Pneumonia machine used for Coronavirus

A study which identifies the causes of a patient’s pneumonia is being temporarily refocused to help with earlier optimisation of treatment during the coronavirus pandemic. Named the INHALE trial, UEA is collaborating in the UCL-led study which aims to evaluate bacteria directly from pneumonia patients and guides doctors on treatment.

Pneumonia is among the main symptoms of coronavirus, and critically ill patients are put onto ventilators as they can no longer breathe for themselves. This ventilation can cause an infection called ‘secondary pneumonia’, due to increasing the risk of bacteria entering the lung. As opposed to a traditional lab test, the INHALE trial test can give a result in only an hour and can also detect whether there are any issues with antibiotic resistance.

The trial has been in effect over the past six months but has already been used for 50 patients at a number of hospitals since being repurposed. Prof David Livermore from UEA’s Norwich Medical School, the study’s co-chief Investigator, stated: “COVID-19 is a ‘black swan’ event, which came suddenly and changed everything. It disrupted INHALE’s original plan. But it has also created a vital medical need: to test if real-time information on secondary bacterial pneumonia improves treatment of the sickest, ventilated COVID-19 patients. And we’ve quickly refocused INHALE to do exactly that.”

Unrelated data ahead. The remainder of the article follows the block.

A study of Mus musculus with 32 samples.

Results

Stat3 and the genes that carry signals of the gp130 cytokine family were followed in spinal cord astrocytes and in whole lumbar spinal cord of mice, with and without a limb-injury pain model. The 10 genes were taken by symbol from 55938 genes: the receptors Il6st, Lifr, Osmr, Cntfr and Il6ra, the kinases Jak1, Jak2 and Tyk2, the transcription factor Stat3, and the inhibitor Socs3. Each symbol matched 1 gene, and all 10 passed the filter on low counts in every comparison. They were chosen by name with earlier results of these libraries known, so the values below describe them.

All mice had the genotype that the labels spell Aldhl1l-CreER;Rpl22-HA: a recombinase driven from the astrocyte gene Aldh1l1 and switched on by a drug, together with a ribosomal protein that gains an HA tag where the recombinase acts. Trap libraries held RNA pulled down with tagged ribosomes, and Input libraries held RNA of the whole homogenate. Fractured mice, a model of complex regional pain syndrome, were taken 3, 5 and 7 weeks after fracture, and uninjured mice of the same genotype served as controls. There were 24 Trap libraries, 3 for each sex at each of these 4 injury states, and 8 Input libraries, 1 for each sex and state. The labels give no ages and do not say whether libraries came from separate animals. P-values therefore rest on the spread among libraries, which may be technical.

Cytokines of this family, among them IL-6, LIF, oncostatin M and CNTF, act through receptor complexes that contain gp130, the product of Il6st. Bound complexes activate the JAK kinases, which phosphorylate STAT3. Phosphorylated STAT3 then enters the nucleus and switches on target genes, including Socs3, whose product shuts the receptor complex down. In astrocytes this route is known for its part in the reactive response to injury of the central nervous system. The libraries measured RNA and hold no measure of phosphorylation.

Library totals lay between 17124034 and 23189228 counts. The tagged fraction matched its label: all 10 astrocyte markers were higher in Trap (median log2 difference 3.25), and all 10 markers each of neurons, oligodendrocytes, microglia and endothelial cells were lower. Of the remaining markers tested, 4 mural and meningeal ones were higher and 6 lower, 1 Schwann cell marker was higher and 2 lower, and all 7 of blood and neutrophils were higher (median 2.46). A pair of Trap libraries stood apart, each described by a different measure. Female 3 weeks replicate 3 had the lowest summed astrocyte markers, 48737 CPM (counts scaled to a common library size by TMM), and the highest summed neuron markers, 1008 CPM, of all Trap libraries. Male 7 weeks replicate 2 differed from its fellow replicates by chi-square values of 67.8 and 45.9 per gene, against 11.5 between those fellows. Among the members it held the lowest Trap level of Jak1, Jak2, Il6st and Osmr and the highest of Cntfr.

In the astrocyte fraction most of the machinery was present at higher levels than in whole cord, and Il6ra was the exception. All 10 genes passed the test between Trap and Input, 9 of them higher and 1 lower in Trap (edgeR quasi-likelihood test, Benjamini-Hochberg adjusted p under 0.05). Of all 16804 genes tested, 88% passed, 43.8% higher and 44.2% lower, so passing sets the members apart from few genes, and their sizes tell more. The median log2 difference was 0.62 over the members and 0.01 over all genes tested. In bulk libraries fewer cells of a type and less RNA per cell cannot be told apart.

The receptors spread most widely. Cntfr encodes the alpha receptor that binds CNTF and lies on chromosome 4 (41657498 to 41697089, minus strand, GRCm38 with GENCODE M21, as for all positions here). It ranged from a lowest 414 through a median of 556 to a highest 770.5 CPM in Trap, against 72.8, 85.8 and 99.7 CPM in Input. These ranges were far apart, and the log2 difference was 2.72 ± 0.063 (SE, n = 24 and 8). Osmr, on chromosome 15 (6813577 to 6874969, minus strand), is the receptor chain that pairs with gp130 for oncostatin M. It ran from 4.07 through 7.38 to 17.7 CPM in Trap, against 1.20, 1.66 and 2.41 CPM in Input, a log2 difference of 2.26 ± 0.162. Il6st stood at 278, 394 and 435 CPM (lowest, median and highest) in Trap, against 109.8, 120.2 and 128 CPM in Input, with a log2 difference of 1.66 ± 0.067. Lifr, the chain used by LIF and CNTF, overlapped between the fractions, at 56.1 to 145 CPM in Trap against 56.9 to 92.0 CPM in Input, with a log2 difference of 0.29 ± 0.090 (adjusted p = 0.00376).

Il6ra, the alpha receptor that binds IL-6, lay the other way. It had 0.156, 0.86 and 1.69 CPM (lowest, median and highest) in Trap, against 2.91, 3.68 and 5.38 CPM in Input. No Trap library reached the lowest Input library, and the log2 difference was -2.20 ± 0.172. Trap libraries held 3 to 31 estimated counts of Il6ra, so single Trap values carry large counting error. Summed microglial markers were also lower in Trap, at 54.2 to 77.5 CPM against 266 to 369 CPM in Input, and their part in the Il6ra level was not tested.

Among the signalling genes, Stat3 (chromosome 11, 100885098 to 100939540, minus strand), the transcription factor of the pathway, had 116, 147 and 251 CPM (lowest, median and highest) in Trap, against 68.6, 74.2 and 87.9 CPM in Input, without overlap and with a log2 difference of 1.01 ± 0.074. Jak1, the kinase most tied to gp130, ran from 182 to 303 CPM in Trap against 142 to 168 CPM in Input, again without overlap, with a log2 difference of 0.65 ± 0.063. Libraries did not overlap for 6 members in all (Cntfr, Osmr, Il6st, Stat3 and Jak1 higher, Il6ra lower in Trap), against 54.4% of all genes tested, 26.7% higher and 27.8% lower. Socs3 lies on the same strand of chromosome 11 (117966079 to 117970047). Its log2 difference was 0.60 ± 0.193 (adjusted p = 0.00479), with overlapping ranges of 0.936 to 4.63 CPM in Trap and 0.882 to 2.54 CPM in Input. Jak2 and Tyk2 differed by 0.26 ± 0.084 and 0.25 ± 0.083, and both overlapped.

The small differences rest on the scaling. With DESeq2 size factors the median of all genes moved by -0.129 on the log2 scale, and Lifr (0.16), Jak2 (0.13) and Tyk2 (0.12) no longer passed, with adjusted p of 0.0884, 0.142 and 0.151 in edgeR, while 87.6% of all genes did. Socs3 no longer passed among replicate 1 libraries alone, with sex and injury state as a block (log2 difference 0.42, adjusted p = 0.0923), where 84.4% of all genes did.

Dr David Brealey, ICU Consultant at UCLH and Senior Lecturer at UCL Medicine, said: “Having the BioFire to help identify pneumonia has been invaluable in managing Covid-19 patients on the ICU at UCLH. These patients are so sick, we cannot wait days to get a result back from the lab, and this machine gives the result directly to the treating clinician within the hour. Real, actionable intelligence is making a difference to the way we treat our patients.”